How Healthy Is Your Smoothie?

When you’re busy, hungry, and on the go, what could be wrong with grabbing a fruit-filled smoothie? As it turns out, a lot. But it can all be fixed if you take the time to make a proper smoothie at home.

Overall, people think that smoothies are healthy because, in their minds, they’re just drinking fruits or vegetables. They’ll have it as a snack or as a meal, but depending on where you get it, smoothies can be loaded with sugar. It’s something that sounds healthy but has enough added sugars and calories you might as well be eating ice cream.

Drinking a premade smoothie as a meal replacement will not necessarily save you calories. Like drinking juices and soda, it will temporarily give you an energy boost, but they’re a quick source of sugar and calories, so you’ll be hungry later after your blood sugar has spiked and crashed.

But just because smoothies can be loaded with not-so-good-for-you additives doesn’t mean you should kiss blended fruit treats goodbye. Done right, smoothies can be a great meal replacement or snack. Your best bet? Make it at home. Follow these tips for a delicious, smoothie that can keep you powered up for hours.

  • Use whole fruit. When you use juice, you lose the natural fiber that helps your body process sugar. Try whole or frozen fresh fruit in your next smoothie. Freezing lots of berries (because of their high concentration of fiber and antioxidants) and just-overripe bananas.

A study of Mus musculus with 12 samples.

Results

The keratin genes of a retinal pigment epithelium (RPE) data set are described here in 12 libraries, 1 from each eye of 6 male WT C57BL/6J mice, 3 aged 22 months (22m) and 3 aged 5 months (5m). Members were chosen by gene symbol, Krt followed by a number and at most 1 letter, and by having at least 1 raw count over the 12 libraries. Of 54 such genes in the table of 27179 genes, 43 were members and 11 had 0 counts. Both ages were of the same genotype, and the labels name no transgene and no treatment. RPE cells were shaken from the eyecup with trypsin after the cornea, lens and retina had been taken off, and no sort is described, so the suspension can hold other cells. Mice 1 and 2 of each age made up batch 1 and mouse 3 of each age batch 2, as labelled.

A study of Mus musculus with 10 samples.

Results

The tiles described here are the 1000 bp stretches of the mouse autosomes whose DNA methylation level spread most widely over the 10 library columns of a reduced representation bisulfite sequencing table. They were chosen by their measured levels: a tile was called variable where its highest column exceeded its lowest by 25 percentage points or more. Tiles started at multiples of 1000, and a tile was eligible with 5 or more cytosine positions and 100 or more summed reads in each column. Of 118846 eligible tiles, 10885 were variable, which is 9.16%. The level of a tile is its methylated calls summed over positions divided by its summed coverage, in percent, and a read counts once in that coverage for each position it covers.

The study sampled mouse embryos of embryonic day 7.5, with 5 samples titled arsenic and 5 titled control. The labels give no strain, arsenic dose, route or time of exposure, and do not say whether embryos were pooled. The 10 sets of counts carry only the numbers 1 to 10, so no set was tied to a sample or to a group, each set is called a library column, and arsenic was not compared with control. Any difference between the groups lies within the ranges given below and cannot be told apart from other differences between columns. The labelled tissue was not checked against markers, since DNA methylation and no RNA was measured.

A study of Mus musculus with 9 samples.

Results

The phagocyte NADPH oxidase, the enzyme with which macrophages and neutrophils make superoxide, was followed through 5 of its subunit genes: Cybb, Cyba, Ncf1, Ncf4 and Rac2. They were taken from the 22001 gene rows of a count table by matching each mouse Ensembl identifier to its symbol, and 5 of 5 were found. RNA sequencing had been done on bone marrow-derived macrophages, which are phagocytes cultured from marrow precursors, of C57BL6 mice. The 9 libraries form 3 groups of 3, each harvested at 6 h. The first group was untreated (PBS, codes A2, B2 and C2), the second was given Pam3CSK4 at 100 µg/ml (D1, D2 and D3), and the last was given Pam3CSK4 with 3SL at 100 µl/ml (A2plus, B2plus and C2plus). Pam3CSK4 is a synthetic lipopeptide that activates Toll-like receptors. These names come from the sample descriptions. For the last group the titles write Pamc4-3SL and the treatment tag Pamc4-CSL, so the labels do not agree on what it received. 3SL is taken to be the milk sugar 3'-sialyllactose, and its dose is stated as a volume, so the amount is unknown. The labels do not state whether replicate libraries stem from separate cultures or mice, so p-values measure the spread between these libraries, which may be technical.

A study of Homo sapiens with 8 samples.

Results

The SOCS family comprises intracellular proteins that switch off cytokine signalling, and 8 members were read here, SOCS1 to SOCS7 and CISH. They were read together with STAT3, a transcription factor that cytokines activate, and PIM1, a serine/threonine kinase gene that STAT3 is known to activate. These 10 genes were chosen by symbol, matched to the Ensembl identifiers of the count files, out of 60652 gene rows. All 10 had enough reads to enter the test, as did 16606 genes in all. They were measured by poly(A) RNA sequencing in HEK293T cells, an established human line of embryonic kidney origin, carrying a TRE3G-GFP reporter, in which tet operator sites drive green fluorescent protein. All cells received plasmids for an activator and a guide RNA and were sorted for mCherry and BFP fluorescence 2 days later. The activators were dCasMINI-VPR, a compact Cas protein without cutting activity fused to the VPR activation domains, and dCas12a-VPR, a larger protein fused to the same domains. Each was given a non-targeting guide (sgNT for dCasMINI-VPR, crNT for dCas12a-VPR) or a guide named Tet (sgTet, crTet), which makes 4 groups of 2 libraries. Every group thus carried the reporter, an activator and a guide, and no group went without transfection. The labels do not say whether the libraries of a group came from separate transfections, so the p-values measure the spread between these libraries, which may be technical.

• Be smart with liquids. The added fruit juice that comes in premade smoothies provides unnecessary sugar, without any of the fiber or volume. Use unsweetened almond milk for creaminess. At 40 calories per cup, it’s really nutritious and tastes great.
  • Make it heart-healthy. Up the nutritional power of a smoothie by including a heart-healthy fat, like a tablespoon of almond butter or ground flax seeds.
  • Go green. You can put in any greens you want because they are pretty benign in flavor but high in nutrients. Because they’re low in calories, feel free to add as much as you’d like. Try spinach, kale, or cucumber, which have a natural sweetness.
  • Use filling protein. Protein is what transforms a smoothie from snack to meal. Our body takes the most time to break down protein, so it’ll keep you full for a longer amount of time. Try using raw, vegan protein powders.
  • Skip these. Avoid yogurt, dairy, and additional sweeteners to keep calories, fat, and sugar down. Keep in mind that even one cup of nonfat Greek yogurt has almost 200 calories.